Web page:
INDIANAPOLIS – Much of society has shut down and people are keeping their distance due to the novel coronavirus, but Indiana prisoners are still taking meals together in large groups as well as outdoor recreation.
And while the Indiana Department of Correction points out “there are no known cases,” the agency admitted it hasn't tested any of its nearly 27,000 offenders.
Thirteen staff members have been tested for COVID-19 and spokesman David Bursten said some staff were positive. He provided no other details.
The department has more than 5,600 employees, according to the state website.
“The Indiana Department of Correction will manage infectious diseases in correctional facilities through a comprehensive approach which includes prevention, testing, appropriate treatment, education, and infection control measures,” the agency wrote on its website.
The agency suspended visitation at prisons two weeks ago to limit the possibility of the virus being brought into the facilities. Inmates are getting two free phone calls of up to 5-minutes per week through April 14.
A directive from the commissioner outlined procedures for the state's 20 facilities, including:
- Monitoring for disease outbreaks
- Separation of ill offenders
- Implementing social distancing when a few offenders are ill
- Isolation housing units when a substantial number of offenders are ill
- Planning for staff shortages, including cross-training employees and temporarily shutting down noncritical operations if a substantial number of offenders and staff become ill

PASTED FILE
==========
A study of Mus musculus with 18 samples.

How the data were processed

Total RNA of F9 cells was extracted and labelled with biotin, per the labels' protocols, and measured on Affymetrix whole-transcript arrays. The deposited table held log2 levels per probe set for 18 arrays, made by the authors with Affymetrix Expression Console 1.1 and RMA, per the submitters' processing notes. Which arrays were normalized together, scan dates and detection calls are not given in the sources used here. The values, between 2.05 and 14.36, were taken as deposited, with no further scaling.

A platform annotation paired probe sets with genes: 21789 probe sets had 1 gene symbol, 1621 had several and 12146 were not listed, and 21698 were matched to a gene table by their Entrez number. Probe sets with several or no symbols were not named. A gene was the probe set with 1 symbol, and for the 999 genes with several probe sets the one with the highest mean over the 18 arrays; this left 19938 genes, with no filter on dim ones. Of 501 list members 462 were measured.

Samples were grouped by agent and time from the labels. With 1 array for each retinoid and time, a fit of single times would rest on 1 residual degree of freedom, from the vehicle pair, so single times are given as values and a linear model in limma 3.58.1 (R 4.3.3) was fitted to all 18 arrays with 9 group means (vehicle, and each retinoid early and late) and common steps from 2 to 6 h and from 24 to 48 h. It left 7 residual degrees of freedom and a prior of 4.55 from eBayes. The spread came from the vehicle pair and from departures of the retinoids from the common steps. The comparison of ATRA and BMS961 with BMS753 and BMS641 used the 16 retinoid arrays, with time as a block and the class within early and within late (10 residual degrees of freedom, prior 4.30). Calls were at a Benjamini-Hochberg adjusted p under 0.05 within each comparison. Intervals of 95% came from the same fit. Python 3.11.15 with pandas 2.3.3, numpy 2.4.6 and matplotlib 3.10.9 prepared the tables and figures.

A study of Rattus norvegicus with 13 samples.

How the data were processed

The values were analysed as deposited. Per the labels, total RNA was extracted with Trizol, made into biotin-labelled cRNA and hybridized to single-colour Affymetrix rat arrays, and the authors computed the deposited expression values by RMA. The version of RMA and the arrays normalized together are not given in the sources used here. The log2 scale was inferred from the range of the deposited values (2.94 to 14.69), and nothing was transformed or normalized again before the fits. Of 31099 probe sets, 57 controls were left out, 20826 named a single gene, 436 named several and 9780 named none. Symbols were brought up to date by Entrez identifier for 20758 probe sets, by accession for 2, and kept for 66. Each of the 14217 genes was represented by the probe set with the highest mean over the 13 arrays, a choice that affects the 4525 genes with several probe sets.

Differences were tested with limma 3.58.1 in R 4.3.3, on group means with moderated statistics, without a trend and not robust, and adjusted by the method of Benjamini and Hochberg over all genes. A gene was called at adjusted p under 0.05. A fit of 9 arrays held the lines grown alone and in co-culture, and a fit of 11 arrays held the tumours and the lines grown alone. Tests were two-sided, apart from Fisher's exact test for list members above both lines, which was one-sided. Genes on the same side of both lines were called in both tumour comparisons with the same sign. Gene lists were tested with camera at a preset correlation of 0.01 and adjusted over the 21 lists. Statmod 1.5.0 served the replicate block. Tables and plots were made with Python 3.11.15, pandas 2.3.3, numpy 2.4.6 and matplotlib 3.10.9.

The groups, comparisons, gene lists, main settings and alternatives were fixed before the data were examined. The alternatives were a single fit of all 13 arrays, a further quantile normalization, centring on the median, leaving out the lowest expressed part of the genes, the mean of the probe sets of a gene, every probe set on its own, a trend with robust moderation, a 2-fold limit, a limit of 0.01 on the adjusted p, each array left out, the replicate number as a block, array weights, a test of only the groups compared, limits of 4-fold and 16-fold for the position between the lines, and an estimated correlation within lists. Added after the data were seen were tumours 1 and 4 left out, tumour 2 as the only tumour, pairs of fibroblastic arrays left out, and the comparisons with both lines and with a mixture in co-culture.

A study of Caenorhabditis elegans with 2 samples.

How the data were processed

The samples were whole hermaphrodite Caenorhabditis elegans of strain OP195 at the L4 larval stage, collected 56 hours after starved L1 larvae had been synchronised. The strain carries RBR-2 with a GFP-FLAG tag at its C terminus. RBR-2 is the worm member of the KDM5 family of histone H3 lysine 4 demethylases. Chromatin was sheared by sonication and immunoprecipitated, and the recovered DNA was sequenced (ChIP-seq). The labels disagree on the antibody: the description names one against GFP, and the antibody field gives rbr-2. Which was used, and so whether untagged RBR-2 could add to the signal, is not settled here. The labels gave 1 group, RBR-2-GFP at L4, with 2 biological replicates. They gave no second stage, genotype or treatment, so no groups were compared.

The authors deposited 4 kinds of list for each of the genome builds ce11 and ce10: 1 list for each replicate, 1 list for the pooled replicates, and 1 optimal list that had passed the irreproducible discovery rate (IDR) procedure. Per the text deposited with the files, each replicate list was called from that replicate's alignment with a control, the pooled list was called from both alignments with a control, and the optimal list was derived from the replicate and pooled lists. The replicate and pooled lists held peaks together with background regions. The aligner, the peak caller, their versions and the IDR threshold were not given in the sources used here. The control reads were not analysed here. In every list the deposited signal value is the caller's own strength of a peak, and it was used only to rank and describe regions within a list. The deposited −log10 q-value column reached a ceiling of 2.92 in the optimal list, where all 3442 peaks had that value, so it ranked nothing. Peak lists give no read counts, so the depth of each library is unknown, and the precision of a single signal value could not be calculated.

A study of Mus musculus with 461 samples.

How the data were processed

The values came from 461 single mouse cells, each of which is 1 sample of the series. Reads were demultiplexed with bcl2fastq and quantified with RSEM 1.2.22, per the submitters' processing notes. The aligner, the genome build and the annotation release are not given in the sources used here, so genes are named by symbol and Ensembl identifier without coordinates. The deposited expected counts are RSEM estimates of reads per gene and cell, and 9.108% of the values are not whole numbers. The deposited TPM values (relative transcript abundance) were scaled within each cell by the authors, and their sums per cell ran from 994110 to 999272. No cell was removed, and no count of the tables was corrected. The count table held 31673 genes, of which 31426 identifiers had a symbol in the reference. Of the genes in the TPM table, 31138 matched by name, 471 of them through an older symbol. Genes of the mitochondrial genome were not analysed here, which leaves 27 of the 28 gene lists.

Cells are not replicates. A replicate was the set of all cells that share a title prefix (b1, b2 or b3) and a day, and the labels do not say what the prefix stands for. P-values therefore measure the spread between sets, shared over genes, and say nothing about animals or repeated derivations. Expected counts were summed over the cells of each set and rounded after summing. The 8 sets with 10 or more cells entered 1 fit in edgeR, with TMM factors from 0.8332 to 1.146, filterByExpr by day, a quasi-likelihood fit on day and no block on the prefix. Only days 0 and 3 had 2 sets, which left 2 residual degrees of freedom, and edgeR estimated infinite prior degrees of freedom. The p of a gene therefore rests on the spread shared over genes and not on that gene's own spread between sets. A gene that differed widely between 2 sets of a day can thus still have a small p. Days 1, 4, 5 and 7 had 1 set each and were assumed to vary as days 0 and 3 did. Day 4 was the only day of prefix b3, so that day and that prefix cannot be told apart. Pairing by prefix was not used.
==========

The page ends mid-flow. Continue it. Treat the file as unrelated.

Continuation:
But a correctional officer reached out to the Journal Gazette with concerns that meals aren't being taken in individual cells, for instance. And hundreds of inmates are together during recreation time.
Bursten said a “correctional housing facility does not allow for meal service in groups of 10 or less.” And he said during recreation periods CDC guidelines on 'social distancing' of six feet or more “are being followed as permitted.”
CDC also has guidance specifically for correctional and detention facilities. It gave several strategies, including staggering meals, rearranging seating in the dining hall so that there is more space between individuals and providing meals inside housing units or cells.
It is not clear if the Indiana Department of Correction is doing the first two suggestions.
Bursten also said some offenders are being taken off-campus for doctor and court appointments “as required on a case-by-case basis and with direction from related courts and medical staff.”